New Street names in Johannesburg

Commissioner Street

During the 2nd half of 2014 the Jhb Council made the following changes to street names.
• Sauer Street has been renamed to Pixley ka Isaka Seme Street;
• Bree Street has been renamed to Lilian Ngoyi Street;
• Jeppe Street has been named after community activist, Rahima Moosa;
• President Street will be known as Helen Joseph Street; and
• Noord Street becomes Sophie de Bruyn Street, named after the only living leader of the Women's March.
In Alexandra, Lion Crescent has been renamed Japie Vilankulu Crescent (Student activist in the 1976 Soweto Uprising.
In Soweto, Thabeta Street in Orlando West is now known as Hastings Ndlovu Street.

More about them:

• Pixley ka Isaka Seme (Sauer Street) was one of the founders of the African National Congress and later served as its President (1930 – 1936). He had a law degree from Oxford University and was the first black lawyer to practice in South Africa where he served as a mentor to a number of young activists who later played key roles in the liberation struggle. He passed away in Johannesburg in 1951.
• Lilian Ngoyi (Bree Street) was a textile worker and mother of three from Orlando who joined the liberation struggle at an early age and rose to become the Secretary General of the ANC Women's League and National Chairman of the Federation of South African Women. Her outspoken defiance against the injustices of apartheid resulted in her being charged with high treason, banned and placed under house arrest. She remained a beacon of strength to the liberation movement up to her death in 1980.
• Sophie Williams-de Bruyn, (Noord Street) is the youngest of the protest March leaders and the only surviving member is an important link to the tumultuous event of 1956. As a founding member of the South African Congress of Trade Unions and a full-time organiser of the Coloured People's Congress she played a critical role in mobilising communities to protest against injustice. She continued to serve a democratic South Africa through vital contributions as a Member of Parliament, Deputy Speaker of the Gauteng Legislature and member of the Commission on Gender Equality.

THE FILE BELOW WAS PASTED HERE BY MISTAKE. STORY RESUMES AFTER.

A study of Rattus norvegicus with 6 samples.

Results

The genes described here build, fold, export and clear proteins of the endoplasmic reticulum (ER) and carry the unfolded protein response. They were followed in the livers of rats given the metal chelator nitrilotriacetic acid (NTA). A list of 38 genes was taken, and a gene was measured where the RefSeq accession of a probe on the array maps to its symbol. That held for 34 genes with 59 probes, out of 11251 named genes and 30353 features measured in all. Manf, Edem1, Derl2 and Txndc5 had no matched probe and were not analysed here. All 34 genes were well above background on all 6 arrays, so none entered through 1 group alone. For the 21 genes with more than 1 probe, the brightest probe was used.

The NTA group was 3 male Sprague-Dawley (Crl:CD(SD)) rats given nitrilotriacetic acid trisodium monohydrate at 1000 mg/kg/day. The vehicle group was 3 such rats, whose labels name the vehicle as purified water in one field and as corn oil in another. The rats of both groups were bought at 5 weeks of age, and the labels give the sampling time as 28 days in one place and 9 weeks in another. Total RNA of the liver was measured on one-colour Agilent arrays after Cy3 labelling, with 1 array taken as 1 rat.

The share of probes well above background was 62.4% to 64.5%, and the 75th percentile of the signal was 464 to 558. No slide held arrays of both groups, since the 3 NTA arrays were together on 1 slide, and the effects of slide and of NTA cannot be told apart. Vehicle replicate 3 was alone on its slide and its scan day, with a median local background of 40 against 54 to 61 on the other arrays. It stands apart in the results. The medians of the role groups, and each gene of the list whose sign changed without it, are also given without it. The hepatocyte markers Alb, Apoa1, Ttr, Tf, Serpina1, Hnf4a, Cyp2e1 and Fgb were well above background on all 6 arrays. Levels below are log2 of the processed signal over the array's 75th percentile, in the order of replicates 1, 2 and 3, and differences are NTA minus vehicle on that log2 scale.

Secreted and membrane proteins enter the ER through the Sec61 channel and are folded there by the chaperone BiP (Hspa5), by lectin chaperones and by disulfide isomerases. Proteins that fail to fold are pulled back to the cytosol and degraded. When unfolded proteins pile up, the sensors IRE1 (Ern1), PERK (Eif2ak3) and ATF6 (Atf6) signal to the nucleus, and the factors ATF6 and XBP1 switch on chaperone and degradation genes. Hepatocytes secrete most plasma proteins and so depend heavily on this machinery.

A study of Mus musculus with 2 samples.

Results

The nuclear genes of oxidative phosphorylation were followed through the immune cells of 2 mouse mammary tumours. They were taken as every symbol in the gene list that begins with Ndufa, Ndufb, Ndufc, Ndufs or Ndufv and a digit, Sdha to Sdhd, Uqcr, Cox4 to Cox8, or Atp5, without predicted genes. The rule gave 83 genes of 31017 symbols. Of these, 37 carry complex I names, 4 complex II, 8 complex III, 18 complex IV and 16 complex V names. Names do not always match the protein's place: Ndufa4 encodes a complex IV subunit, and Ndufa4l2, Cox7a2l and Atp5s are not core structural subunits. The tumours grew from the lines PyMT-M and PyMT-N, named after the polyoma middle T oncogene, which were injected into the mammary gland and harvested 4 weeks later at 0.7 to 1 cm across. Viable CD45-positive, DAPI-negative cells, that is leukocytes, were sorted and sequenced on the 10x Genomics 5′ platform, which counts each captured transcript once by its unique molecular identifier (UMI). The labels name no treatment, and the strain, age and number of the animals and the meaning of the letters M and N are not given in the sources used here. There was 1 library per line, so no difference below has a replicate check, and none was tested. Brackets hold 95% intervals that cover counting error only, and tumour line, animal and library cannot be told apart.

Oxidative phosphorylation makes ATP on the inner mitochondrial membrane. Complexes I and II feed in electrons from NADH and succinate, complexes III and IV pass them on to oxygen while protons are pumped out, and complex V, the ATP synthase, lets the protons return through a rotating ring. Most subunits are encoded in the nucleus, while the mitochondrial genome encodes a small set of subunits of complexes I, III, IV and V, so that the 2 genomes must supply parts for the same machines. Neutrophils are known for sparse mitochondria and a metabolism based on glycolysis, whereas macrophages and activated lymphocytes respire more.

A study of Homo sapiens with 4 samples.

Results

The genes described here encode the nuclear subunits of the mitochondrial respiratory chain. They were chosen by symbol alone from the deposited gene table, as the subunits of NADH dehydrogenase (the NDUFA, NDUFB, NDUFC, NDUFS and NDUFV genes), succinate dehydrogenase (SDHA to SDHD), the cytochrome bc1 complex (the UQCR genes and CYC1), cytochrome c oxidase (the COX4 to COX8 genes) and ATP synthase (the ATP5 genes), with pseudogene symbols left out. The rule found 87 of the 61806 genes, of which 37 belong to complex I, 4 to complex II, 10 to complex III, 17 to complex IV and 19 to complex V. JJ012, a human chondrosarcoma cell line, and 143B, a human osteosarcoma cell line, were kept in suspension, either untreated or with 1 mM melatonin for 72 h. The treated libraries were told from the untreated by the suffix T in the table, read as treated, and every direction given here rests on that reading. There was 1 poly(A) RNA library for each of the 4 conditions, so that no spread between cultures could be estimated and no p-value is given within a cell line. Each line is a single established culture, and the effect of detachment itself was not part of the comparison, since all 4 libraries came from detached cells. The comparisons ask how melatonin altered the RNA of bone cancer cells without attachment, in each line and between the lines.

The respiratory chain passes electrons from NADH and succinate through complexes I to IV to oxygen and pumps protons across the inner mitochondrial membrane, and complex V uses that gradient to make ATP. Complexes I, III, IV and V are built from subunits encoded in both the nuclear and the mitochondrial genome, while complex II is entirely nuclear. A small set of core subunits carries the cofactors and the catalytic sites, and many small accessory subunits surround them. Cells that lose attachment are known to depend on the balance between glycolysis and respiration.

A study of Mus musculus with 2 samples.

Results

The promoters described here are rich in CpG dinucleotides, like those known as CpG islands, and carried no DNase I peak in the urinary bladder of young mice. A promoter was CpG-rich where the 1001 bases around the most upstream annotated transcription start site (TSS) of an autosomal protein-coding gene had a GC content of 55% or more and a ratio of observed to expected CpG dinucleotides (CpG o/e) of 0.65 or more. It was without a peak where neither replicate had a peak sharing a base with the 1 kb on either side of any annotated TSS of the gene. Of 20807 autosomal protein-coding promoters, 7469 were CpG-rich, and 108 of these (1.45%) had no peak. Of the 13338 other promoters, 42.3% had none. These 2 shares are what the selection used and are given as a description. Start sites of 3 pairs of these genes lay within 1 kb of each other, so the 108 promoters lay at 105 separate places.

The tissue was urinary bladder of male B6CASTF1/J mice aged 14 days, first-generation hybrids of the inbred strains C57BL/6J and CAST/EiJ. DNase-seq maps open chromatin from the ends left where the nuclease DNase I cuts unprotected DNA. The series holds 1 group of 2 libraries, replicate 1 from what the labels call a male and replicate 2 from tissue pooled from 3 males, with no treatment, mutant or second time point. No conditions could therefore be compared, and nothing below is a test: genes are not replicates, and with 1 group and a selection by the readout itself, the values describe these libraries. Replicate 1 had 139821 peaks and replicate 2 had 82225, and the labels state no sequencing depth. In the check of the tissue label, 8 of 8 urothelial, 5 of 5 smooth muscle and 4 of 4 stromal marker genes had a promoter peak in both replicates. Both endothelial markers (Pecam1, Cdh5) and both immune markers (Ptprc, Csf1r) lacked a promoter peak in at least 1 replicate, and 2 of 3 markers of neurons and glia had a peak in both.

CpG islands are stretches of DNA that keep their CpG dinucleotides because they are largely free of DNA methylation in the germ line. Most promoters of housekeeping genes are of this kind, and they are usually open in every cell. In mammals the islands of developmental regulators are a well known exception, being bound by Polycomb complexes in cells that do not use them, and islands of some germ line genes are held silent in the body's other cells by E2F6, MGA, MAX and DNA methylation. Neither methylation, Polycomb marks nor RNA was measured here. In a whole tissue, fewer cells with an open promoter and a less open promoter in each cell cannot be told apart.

• Helen Joseph, (President Street) was an indomitable fighter for freedom and justice for more than six decades. As a founding member of the Congress of Democrats she was a major organiser of the Congress of the People in Kliptown in 1955 where the Freedom Charter was adopted as the guiding document for the liberation struggle. Decades of banning and house arrests and repeated assassination attempts could not silence her voice and she remained a powerful political force until her passing in 1992.
• Rahima Moosa, (Jeppe Street). From humble beginnings as a worker in a canning factory and with little formal education this formidable woman was a guiding influence on the struggle for freedom struggle for more than five decades. As a member of the Transvaal Indian Congress she led the initiatives to unite the liberation movement and to mobilise workers into effective and powerful trade unions.
• Hastings Ndlovu, (Thabeta Street) was a 17-year old learner at the Orlando North Secondary School who was among the first victims killed by the police on June 16, 1976. He led a group of students toward the bridge in Khumalo Street where they confronted by police and fired on. He later died of his wounds in Baragwanath Hospital.
• Japie Vilankulu (Lion Crescent) was one of the "Young Lions" of the struggle who led the student uprising in Alexandra during June 1976. He was shot by the police during a protest march on 17 June and passed away at the age of 23.